There will be a wave of opportunities in the Paris office market as many buildings will be put on sale, experts agreed at Real Asset Media’s European Outlook 2022: Focus on France briefing, which took place online recently.
“Most commercial real estate is owned by large institutions and around 60% of that is offices,” said Guillaume Turcas, managing partner, Faro Capital Partners. “Now they seem willing to reshuffle their portfolios and a lot of office buildings will come to the market.”
Most of those portfolios have secondary offices that can be repurposed into residential or refurbished and made ESG-compliant.
The new “green” requirements are driving the sales, as the new energy efficiency regulations are difficult to price in and institutions do not want to be stuck with stranded assets.
“We have been looking at our portfolio to include more green assets and that is going to continue,” said Serge Bacconnier, deputy head Paris office, Berlin Hyp. “In La Défense in particular there are many assets that need to be refurbished and a lot of capital needs to be deployed there.”
It will not be smooth sailing because local authorities have considerable power in France and getting the necessary permits can be difficult and time-consuming.
“Conversions are never easy and municipalities hold as much power as Louis XIV the Sun King did,” said Turcas. “Even if the zoning plan authorises you, the head of the municipality can still say no and block everything. That needs to change.”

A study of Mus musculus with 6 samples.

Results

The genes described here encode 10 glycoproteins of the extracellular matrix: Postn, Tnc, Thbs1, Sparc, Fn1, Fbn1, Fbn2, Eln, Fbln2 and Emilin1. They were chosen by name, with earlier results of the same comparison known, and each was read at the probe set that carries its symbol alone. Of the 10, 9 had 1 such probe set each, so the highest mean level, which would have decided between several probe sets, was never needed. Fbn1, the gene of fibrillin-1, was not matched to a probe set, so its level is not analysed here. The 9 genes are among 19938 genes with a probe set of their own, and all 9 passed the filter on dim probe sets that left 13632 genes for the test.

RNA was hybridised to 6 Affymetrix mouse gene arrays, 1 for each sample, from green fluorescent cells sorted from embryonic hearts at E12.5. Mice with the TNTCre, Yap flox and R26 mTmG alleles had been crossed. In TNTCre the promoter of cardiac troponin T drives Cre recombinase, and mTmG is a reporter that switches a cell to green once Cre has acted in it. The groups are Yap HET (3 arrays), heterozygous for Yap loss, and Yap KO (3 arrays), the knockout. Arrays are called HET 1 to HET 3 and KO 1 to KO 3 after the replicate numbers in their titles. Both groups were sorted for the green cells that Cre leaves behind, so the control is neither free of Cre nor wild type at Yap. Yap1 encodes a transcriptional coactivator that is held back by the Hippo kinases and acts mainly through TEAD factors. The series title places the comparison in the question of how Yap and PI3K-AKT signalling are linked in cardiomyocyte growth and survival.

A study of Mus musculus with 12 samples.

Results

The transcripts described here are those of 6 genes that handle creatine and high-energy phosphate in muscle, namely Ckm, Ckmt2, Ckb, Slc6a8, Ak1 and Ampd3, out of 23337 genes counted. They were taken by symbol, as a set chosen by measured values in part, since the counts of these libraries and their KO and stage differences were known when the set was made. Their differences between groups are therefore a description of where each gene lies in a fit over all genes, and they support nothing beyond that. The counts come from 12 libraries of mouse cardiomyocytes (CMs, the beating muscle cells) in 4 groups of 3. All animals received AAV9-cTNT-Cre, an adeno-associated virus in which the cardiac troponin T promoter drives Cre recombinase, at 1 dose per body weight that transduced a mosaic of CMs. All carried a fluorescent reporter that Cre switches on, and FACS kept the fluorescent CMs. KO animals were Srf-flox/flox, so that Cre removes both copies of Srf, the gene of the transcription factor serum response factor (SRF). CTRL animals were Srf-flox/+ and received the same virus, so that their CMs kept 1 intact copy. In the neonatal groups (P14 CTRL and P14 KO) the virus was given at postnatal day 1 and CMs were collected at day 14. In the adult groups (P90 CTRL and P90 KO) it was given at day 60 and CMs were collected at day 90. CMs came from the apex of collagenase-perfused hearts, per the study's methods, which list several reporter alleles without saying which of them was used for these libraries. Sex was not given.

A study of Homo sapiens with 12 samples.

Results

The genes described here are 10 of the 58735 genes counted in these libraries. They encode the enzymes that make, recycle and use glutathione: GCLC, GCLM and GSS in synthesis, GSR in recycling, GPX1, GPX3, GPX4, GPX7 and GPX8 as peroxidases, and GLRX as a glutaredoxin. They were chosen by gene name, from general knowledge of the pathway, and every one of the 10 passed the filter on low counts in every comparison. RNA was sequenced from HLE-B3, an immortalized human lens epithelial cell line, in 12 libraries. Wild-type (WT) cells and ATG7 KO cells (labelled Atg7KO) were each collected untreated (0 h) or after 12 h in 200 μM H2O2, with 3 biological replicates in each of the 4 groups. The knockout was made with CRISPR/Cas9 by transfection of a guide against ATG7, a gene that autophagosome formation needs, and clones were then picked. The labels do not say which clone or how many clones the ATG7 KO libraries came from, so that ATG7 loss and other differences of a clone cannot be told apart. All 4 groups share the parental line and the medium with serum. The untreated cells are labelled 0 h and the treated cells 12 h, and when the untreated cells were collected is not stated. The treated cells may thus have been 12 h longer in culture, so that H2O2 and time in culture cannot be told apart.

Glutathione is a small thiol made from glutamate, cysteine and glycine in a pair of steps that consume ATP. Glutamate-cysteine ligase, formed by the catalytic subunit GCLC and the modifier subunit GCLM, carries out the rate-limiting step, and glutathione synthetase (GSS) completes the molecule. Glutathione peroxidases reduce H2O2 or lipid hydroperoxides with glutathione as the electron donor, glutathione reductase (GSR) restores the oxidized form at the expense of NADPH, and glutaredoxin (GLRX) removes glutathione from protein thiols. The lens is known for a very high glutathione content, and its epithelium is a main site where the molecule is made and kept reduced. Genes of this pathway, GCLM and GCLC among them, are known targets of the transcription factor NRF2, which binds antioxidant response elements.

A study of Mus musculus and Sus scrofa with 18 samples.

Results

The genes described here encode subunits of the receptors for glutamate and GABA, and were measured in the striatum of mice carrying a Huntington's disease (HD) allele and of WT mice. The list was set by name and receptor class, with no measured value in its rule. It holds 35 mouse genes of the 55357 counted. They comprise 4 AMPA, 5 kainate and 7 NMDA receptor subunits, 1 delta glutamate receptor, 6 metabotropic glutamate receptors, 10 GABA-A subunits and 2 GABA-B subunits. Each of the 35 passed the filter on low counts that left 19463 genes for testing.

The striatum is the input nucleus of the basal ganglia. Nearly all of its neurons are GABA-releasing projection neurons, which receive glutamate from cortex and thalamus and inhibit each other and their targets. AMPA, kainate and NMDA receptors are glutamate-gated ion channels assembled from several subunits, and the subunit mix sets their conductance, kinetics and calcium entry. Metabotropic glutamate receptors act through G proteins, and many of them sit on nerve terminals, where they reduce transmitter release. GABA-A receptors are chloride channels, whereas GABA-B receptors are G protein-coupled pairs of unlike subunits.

If sales are set to take off, the lettings market is still slow.
Pandemic forces a rethink in property strategies
“Big occupiers are hesitant and it’s been a struggle to get them to take substantial leases for large offices,” said Tania Concejo-Bontemps, president, Union Investment Real Estate France. “The pandemic has had an impact and companies have been rethinking their real estate strategies, so there have been very few big transactions in the lettings market.”
In future companies are likely to demand shorter leases and more flexibility as the market adapts to the new post-pandemic hybrid model.
“We don’t expect a great difference in office take-up, as meeting and conference rooms will still be needed,” said Daniel While, head of research, strategy & sustainable development, Primonial REIM. “It is likely to fall by 10-15%, from the current annual take-up to 2 million sq m to 1.8-1.9 million sq m. It will be an adaptation rather than a massive disruption.”
Another factor that works in favour of offices is that remote working has not taken off in the French capital to the same extent that it has in London or Frankfurt.
“There’s been much less work from home in France than in the UK or Germany,” said While. “It’s partly for cultural reasons and partly because people live in smaller flats in Paris and there is less incentive to work from home.”
At the top end of the market shiny prime HQs in the CBD will continue to be in demand for company image and culture purposes and to hold meetings, while other companies will opt for secondary offices and more peripheral areas to avoid paying the €900-plus per sq m rent in central Paris.
“Offices are still seen as a necessity and a more productive environment to work in,” said Edward Bates, president & CEO, Stam Europe. “For investors it will continue to be a key market, because there’s a limit to how much money you can deploy in resi and logistics.”